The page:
Rollins sorry for 'bad choices' but maintains his innocence

SEXUAL ASSAULT TRIAL: He sticks to denials under cross-examination

February 10, 2011 

A state prosecutor continued Thursday to grill former Anchorage police officer Anthony Rollins, on trial on charges he committed multiple sexual assaults.

Rollins, 43, was an officer for 13 years until the allegations of forced sex acts in April 2009. He's on trial for first- and second-degree sexual assault, misconduct as a police officer, and criminal use of a computer.

Under questioning Wednesday by his attorney, Susan Carney, Rollins admitted to some of the sexual encounters described earlier by alleged victims, but said they were willing participants in the acts, which occurred while Rollins was in uniform and on duty.

Some of the alleged assaults did not happen at all, Rollins testified, directly contradicting testimony from two of the six alleged victims.

Carney expressed concerns Thursday about the spectators in court before the jury arrived to hear more from Rollins.

She said someone had laughed the day before during his testimony and asked Superior Court Judge Philip Volland to remind court onlookers to be quiet.

Volland said he was concerned early on about public attention to the trial, but he said that emotional tension was to be expected.

"If you made an observation, Ms. Carney, I made a different observation, which is that I have an emotionally charged courtroom."

Carney also had a problem with the large group of on-duty police officers present for Rollins' testimony, who she said were armed with handguns.

"I think it's an attempt to influence the jury," Carney said.

Volland disagreed with her reasoning, and after a short discussion, called the 14 jurors to their seats.

Deputy District Attorney Sharon Marshall picked up the questioning by asking Rollins about calls he made to one of the alleged victims.

Marshall wanted to know why cell phone records showed Rollins called her repeatedly in the days after they had sex -- she described it as rape; he said it was consensual -- and why he didn't stop calling her when she refused to answer or return his calls.

Rollins disagreed with that statement, saying that some of the calls resulted in conversations between him and the woman. Rollins testified he didn't get the feeling she was avoiding him, as the woman had earlier testified.

Throughout the morning, Marshall asked why Rollins often gave hugs to women while on duty, why at least once he violated department policy and failed to notify dispatchers he had a female in his car, and why Rollins flirted with women he contacted while on duty.

"What is it that turns you on?" Marshall asked at one point.

"Is that a specific question?" Rollins said, to which the prosecutor answered, "Yes."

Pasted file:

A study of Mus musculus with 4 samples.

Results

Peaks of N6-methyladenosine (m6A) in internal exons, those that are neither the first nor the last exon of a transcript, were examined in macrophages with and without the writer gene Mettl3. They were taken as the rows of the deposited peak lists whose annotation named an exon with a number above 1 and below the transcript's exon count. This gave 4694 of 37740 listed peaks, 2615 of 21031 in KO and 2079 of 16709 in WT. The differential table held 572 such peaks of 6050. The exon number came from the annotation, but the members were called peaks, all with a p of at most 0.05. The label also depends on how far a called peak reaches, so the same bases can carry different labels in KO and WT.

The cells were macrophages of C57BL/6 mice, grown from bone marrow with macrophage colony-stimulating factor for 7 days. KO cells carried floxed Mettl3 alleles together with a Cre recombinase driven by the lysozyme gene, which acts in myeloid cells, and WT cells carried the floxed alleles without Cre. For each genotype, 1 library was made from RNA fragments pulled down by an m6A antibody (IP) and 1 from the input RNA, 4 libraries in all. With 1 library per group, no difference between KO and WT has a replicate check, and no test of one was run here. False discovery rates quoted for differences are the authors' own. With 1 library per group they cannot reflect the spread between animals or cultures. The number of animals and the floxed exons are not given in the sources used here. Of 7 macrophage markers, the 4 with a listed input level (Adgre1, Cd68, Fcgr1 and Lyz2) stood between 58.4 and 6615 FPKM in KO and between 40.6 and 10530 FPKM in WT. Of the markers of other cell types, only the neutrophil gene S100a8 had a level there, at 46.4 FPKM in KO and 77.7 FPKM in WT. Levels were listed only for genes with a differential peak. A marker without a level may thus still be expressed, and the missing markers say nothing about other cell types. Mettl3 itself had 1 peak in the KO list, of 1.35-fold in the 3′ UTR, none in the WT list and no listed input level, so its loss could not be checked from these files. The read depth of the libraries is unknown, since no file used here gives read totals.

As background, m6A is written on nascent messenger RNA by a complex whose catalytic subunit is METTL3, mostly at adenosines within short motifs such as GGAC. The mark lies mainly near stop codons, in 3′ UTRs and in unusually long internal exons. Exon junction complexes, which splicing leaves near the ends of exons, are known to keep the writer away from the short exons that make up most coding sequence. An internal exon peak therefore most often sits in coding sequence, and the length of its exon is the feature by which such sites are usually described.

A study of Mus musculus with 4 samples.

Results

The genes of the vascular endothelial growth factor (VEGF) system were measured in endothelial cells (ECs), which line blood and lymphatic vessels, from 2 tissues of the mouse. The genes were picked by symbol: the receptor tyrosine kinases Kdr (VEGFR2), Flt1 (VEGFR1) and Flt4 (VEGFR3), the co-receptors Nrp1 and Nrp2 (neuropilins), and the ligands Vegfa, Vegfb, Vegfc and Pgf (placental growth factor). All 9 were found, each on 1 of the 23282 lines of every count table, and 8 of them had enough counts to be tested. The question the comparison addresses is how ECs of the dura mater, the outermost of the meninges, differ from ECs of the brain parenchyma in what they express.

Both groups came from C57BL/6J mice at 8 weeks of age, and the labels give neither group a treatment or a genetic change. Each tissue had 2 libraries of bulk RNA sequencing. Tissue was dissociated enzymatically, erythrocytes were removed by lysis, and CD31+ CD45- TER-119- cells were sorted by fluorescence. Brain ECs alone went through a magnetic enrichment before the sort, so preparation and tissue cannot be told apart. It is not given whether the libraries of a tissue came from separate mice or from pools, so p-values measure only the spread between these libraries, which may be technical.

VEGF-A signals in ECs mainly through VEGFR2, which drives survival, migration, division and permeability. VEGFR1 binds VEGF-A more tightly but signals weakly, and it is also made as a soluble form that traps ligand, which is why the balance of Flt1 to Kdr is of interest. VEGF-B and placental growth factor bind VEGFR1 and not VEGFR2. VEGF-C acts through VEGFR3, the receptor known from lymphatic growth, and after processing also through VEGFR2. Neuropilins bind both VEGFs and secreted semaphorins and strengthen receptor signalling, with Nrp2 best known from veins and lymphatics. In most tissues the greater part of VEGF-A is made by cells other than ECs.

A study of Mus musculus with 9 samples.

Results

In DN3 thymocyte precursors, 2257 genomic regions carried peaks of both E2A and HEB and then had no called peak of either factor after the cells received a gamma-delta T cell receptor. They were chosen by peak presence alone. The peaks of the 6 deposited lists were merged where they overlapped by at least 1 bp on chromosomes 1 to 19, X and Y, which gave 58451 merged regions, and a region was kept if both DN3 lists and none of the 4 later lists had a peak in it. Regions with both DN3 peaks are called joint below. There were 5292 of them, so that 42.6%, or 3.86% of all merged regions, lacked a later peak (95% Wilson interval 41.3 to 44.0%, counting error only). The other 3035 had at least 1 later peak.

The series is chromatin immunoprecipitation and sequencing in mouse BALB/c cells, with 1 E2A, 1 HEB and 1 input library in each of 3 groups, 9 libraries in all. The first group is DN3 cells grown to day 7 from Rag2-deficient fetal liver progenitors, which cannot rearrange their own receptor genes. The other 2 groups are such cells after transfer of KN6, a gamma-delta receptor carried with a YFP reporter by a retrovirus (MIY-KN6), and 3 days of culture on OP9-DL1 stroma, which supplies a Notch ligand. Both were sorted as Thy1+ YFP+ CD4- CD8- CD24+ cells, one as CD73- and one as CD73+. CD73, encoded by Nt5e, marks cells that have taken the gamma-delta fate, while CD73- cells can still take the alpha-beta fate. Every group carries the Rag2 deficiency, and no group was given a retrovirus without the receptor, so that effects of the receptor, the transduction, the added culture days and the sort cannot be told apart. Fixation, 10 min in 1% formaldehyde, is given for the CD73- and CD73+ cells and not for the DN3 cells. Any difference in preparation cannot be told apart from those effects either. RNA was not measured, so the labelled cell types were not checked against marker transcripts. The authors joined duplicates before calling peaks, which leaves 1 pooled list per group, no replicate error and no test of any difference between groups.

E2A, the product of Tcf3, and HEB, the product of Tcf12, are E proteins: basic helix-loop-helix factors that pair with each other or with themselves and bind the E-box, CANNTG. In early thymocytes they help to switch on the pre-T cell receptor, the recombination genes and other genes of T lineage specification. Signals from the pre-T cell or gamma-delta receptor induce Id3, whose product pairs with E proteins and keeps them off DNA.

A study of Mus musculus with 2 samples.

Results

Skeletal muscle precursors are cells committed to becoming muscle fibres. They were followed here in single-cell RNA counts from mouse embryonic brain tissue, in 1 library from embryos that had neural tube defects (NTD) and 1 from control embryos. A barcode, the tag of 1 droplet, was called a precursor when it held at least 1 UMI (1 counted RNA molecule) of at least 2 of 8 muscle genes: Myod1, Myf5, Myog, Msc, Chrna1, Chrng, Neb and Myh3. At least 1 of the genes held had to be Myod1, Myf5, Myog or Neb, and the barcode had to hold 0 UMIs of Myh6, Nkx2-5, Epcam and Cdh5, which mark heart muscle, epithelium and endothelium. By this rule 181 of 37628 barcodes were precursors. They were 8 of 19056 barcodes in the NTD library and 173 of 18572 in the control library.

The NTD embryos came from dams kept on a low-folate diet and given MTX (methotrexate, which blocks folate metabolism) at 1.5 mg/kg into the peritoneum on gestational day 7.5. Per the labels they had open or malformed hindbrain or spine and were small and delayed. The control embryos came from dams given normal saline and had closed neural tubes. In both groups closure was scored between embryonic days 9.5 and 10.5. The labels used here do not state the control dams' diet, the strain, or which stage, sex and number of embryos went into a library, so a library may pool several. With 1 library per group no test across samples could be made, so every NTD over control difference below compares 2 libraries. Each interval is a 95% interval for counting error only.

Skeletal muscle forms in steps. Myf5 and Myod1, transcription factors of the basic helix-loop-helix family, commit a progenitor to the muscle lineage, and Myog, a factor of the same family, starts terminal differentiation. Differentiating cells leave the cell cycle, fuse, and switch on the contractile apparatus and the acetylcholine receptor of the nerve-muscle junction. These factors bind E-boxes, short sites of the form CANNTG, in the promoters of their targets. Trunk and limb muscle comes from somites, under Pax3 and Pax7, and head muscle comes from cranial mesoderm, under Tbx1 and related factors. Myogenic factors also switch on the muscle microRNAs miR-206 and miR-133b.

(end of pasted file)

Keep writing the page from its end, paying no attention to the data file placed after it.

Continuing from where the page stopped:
"It just depends on the time," he said.

"Any time after midnight?" Marshall asked.

"No."

"Every girl walking home who says you're nice to her, you think wants to have sex with you?" she asked.

"No."

"What is this thing about giving hugs?" Marshall asked. "Why do you like to hug women?"

"I give hugs to men and women, to people I'm friendly with," Rollins said.

In one of the cases, the alleged victim said Rollins picked her up as a missing person at an alcohol sleep-off center, and she told him she thought she'd been raped.

The alleged victim testified that Rollins mostly ignored her statement about the possible rape. Instead of taking her home, she said Rollins drove her to a substation in Mountain View, where she had to hold up her pants to avoid having sex with Rollins, she testified.

Did Rollins rub on her and try to pull her pants down, as the woman testified under oath? Marshall asked.

"It never happened, not with me," Rollins said, also under oath.

Rollins testified he took her to the station to get more information, to see if police should continue to investigate what happened to the woman the night before. Rollins said the woman didn't want to go through with the report, so he didn't follow up on it and promptly took her home, he said.

Why didn't he file some kind of paperwork as the first person to hear her report, and why did the woman then go to a hospital and file a detailed report with a different officer, Marshall wanted to know.

Rollins said he didn't have enough information to pursue the investigation.

Marshall later asked Rollins to read the Anchorage Police Department's code of ethics.

Rollins read the code of ethics, which he signed when he became an officer. It included a passage about how an officer should never let personal feelings interfere with their sworn duty.

"Have you let your personal feelings influence your job?" Marshall asked.

"Yes, my personal feelings did influence my job," Rollins said. "I made some bad choices, I'm sorry I sinned against my god and against my family, and I'm, I'm sorry. I let a lot of people down."


Find Casey Grove online at adn.com/contact/casey.grove or call him at 257-4589.